From left, Brown students and recent graduates Will Beakley, Sannivas Reddy Nallamanikalva, Chance Emerson, Jack Riley and Satch Sumner-Waldman stand backstage before a March 2022 show at Fête in Providence. Photos by Small Frye Photography

Date July 21, 2023

A band cobbled together before classes started freshman year has performed onstage in front of 3,000 people, opening for Blues Traveler. What’s next for the Brown senior and his bandmates? First, homework.

PROVIDENCE, R.I. [Brown University] — Brown University senior Chance Emerson first arrived on campus in August 2019 with a couple of suitcases and a to-do list. 

A singer-songwriter and guitarist since his early teens, he’d already released his first EP as a junior in high school. But his boarding school was light on musicians to collaborate with — there were only a handful of bassists and drummers, and none of them were playing indie folk.

“As soon as I got to Brown, my goal was to start a band,” Emerson recalls. “I’d been itching for it for so long."

He already had a lead on a second guitarist — he’d heard about Will Beakley from Beakley’s cousin, whom he’d met while hiking in New Zealand during his gap year. It didn’t take long to convince Beakley that they should start a band. Guitarist? Check.

A day or two after move-in, hanging out in his dorm room on the second floor of MoChamp, he heard piano music coming from down the hall. He stuck his head into the room and saw Satch Sumner-Waldman. Keyboard player? Check.

At a party the next night, he ran into a guy wearing an unbuttoned Hawaiian shirt and a bass clef necklace who introduced himself as Jacob Vietorisz. The question asked itself. Bassist? Check.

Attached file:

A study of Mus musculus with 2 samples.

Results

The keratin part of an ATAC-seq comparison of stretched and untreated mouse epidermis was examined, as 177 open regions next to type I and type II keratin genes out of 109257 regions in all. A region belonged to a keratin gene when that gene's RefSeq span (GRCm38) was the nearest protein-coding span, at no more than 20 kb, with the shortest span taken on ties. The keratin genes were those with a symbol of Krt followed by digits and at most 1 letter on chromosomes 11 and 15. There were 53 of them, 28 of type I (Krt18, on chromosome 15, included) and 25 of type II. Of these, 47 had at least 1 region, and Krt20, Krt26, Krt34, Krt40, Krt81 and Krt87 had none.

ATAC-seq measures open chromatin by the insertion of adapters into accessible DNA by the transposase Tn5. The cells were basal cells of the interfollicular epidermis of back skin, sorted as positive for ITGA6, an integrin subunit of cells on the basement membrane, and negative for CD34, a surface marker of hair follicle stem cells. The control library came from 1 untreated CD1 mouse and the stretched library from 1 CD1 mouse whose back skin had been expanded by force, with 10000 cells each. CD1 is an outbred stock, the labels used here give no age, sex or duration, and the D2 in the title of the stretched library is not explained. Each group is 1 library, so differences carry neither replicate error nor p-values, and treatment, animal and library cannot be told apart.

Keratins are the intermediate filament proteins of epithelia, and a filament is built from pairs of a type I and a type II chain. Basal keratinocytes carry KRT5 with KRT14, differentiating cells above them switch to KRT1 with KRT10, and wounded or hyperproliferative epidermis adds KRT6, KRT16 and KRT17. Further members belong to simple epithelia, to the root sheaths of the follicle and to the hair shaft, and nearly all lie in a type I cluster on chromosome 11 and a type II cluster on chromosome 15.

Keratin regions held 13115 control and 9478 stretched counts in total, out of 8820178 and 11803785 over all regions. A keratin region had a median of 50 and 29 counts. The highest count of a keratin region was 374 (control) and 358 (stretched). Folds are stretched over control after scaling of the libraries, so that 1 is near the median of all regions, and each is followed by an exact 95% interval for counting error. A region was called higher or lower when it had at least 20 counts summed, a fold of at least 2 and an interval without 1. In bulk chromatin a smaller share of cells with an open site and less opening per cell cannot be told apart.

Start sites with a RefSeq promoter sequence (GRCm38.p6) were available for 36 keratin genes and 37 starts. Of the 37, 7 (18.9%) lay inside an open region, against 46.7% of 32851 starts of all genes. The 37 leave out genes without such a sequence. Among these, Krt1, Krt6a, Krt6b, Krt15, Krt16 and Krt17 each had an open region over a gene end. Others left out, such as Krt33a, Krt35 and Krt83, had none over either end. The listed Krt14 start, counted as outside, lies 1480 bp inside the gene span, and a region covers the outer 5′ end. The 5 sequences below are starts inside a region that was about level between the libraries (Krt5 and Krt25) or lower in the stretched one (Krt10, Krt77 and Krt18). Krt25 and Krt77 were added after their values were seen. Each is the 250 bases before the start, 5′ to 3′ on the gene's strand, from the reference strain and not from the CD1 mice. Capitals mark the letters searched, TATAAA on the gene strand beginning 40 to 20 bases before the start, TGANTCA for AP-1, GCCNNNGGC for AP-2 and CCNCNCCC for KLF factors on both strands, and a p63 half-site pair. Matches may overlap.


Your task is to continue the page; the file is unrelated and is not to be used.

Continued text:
“ As soon as I got to Brown, my goal was to start a band. I’d been itching for it for so long. ”

Chance Emerson Class of 2024

“At this point, all we need is a drummer,” Emerson says. “But I am having a tough time finding the drummer, like a really tough time.”

He asked around; several people mentioned Jack Riley, a drummer from Los Angeles. So Emerson tried to get in touch, first by email, then by text. Radio silence. All he knew was that Riley lived somewhere in Andrews Hall. So Emerson and Beakley decided it was time for some good old-fashioned detective work. They started on the top floor and worked their way down, checking the names written on each door. On the second floor, they finally spotted a Jack. They knocked and asked if Jack Riley lived there. No dice.

So they kept going, all the way down to the basement. They were running out of rooms. Then they saw it—another sign for another Jack. They knocked on the door, and there’s a guy lying in bed. They ask if he’s Jack Riley. He says yes. They ask if he wants to join their band. Sure, he says. Drummer? Check. 

Orientation isn’t even over yet, and Emerson has a band. Check.

A little more than three years later, on a rainy October night in Montclair, New Jersey, Emerson and his band are lounging in one of the Wellmont Theater’s green rooms, eating mediocre Cuban sandwiches and getting ready to open for Blues Traveler, the Grammy-winning band of “Run-Around” fame...

Read the full story from the Brown Alumni Magazine.